Northeast Community Center pioneer retires
When Joyce Jones got involved with the Northeast Community Center, it hadn’t even been built yet. And on April 5, after 30 years of service to her neighborhood, she retired from the board of the Northeast Community Center and received the John Kohls Excellence in Leadership Award.
“When I got started there was nothing but a dream to build a community center,” said Jones. At that time the Hillyard senior programs were at a small church, the youth program was at an old school and SNAP was, well, homeless. “We knew we had to pay our own way if we wanted a center, and we knew we had to make sure we had people lined up to rent space here.”
The Hillyard Library was also looking for a new location, and together with other hard-working volunteers Jones helped form the board that created the organization that guided the center’s design and construction. She became president of the board when it incorporated in 1980.
“We had to save up our community development money for a few years before we could start the building,” said Jones.
The early days weren’t always easy.
“We struggled with the usual things: Who are we? And what are we doing?” said Jones, laughing. Bylaws were written up and slowly things began to take shape.
One thing that changed was the community center’s service area and its name.
“We couldn’t be the Hillyard Community Center,” said Jones. “We had to serve the whole northeast part of town.”
Early on it was decided that each neighborhood had to be represented on the Northeast Community Center board, and half the board members must be from the neighborhoods.
The Northeast Community Center opened its doors in 1982; Jones gets teary-eyed talking about the group of people who helped pull it all together – many have died since.
“I was so fortunate to work with some great professionals and some amazing volunteers,” she said. “Yes, that was a great day, but we also had some very serious things to do.”
Northeast Community Center Board President Ann Carey said at the award presentation that Jones “has kept us true to our mission and values while looking to the future. Her support has been unwavering, her guidance laced with wisdom and her dedication to the families of these neighborhoods unyielding.”
Since that first groundbreaking, Jones has participated in four others: the Head Start wing, an 8,400-square-foot child care center, dental and medical clinics and a community garden.
“I’m really proud of the community garden,” Jones said when asked which accomplishment stands out to her. “The garden was strictly my work. And I love how it combines food growing and social activity.”
It had bothered Jones for a long time that there was a patch of weeds next to the community center when, as she put it, “people are hungry and we could be growing food there.” Volunteers from the Church of Jesus Christ of Latter-day Saints cleaned up the land, built a fence and put in the gazebo.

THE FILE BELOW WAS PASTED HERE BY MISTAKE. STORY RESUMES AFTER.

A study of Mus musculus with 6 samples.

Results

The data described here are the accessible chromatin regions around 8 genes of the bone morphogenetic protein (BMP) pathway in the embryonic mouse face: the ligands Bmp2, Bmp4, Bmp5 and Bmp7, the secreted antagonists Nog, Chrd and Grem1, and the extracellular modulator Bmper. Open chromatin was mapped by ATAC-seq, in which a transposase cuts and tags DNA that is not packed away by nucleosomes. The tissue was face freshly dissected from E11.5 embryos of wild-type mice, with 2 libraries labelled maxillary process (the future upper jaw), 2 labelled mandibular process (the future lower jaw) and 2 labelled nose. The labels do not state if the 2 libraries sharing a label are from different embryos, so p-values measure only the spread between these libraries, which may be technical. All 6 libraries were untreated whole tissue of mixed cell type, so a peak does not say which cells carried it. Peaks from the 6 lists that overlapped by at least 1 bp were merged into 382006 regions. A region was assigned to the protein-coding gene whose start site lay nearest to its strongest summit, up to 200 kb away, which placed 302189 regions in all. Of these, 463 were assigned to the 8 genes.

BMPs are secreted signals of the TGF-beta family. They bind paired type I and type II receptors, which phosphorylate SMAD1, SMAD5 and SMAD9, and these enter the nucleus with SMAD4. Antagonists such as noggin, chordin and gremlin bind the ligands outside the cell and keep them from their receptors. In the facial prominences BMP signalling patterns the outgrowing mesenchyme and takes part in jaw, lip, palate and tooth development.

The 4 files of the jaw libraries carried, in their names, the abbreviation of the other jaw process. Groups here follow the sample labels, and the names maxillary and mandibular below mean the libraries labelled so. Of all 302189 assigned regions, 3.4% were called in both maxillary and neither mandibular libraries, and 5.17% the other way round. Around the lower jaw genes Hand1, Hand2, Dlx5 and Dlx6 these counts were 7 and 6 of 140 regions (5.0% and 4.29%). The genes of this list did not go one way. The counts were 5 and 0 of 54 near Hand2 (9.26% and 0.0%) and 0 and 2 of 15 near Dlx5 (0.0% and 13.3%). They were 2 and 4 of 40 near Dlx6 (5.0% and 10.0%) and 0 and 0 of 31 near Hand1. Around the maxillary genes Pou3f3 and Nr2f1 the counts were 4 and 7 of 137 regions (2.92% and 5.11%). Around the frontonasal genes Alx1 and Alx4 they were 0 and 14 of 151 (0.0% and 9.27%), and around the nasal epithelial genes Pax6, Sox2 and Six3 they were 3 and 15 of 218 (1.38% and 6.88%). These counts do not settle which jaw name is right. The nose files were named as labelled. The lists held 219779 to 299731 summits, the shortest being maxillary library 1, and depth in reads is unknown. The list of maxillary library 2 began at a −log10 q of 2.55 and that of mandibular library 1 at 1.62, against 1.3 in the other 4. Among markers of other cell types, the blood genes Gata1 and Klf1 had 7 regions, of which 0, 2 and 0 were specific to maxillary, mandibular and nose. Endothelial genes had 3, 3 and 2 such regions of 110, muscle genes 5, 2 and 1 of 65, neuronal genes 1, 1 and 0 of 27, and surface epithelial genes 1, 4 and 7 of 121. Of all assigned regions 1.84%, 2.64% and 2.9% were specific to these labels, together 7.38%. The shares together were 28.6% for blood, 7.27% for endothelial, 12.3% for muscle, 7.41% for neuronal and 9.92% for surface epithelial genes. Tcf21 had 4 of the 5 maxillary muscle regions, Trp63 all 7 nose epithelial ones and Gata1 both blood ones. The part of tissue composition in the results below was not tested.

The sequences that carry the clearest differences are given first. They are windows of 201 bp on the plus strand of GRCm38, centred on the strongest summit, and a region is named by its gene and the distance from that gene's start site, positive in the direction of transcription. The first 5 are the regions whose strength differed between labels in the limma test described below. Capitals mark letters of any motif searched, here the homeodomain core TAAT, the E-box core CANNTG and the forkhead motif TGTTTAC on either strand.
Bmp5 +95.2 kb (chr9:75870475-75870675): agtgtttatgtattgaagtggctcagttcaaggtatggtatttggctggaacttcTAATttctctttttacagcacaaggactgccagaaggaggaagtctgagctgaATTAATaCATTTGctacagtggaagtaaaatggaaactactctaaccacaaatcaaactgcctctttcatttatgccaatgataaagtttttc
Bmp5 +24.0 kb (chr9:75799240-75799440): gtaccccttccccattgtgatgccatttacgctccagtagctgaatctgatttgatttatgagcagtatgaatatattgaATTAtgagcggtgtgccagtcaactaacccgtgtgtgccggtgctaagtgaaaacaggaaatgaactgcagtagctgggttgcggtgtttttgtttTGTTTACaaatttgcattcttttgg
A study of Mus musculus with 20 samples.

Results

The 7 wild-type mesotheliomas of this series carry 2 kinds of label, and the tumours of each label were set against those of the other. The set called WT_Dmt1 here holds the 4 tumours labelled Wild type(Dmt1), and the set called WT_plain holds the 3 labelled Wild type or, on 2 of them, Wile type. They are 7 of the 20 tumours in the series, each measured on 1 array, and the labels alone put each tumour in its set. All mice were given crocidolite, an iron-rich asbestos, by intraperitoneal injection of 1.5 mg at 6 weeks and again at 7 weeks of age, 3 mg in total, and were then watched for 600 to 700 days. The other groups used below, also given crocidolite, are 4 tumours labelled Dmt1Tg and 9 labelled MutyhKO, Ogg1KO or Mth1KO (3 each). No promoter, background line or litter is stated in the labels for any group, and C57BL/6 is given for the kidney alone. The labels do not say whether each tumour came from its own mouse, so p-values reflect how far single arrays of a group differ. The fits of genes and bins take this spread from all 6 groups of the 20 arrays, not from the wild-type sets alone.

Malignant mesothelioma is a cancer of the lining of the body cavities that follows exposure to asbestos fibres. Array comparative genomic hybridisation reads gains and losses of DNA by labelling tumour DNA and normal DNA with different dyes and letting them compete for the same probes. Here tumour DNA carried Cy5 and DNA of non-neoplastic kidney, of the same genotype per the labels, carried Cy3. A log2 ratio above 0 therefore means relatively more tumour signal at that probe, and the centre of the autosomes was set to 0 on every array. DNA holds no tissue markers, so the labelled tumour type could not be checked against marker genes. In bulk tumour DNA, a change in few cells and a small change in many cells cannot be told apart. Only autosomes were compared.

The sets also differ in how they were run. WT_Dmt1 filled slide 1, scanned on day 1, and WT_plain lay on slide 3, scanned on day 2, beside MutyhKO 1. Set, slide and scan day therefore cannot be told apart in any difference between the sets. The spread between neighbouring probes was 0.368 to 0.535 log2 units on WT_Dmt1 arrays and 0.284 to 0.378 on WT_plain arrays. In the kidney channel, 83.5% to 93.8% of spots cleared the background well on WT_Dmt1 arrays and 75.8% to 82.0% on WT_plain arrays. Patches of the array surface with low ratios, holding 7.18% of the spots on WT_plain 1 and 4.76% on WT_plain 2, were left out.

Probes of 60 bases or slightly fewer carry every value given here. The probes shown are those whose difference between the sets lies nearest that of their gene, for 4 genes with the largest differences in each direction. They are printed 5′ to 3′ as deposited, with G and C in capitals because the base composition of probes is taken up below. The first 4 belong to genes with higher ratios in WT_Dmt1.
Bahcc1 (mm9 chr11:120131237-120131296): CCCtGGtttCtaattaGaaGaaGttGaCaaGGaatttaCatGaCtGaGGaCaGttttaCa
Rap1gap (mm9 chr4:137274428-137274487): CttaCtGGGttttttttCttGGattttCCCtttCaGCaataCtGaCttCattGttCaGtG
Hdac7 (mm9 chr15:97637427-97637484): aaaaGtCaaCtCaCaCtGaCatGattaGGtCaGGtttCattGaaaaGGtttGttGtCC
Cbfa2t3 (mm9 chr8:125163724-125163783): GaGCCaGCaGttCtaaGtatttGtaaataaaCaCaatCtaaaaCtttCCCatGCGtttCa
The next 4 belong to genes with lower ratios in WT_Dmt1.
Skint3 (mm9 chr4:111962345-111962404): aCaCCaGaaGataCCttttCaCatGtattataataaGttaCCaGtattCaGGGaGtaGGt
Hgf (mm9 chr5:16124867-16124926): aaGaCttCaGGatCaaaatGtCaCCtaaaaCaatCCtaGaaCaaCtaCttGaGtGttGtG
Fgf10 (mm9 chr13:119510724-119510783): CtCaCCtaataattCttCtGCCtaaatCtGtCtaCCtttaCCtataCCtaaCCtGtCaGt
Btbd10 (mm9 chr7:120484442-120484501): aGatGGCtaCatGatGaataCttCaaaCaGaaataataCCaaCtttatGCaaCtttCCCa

Many Eastern European immigrants garden there, and the lack of language skills on both sides has led to some interesting conversations over the years.
“I know the Russian word for garlic – it sounds like, well, garlic,” said Jones laughing. “I discovered that many of the Russians are Baptists and we know the same hymns, so we’d sing together: me in English, them in Russian. Christians are Christians all over the world.”
Jones initially got involved in community work when she had young children. She said she’s a firm believer that parents should be involved in their neighborhood and schools. She spent 15 years as a Girl Scouts leader and has served on countless boards over the years, including KSPS Friends of Seven, the Spokane Public Library board and the League of Women Voters.
“I’ve only missed two board meetings here at the community center,” said Jones. “One when my husband died and one when my mother-in-law died.”
Northeast Community Center director Jean Farmer said Jones has had something to do with pretty much everything happening at the community center.
“A comment we often hear from her is: You can never stop working because there’s always more to do,” said Farmer.
Still, Jones is not taking on another big project, though she laughs when asked.
“I’m tired, I’m old, I’m not planning any big things right now,” Jones said, smiling. She added that she’ll stay on the board of the League of Women Voters.
And she’s proud and happy about all the work being done at the Northeast Community Center today.
“They do some great work here; there’s always something new and interesting coming up,” Jones said.
Jones said she feels like the center is meeting the needs of the neighborhood – a neighborhood she said has changed a lot for the better.
How did she manage to keep going through all these years of volunteer work?
“It may seem like a lot, when you look at it as 30 years,” Jones said. “But remember: It’s just one day at a time. You do a day at a time.”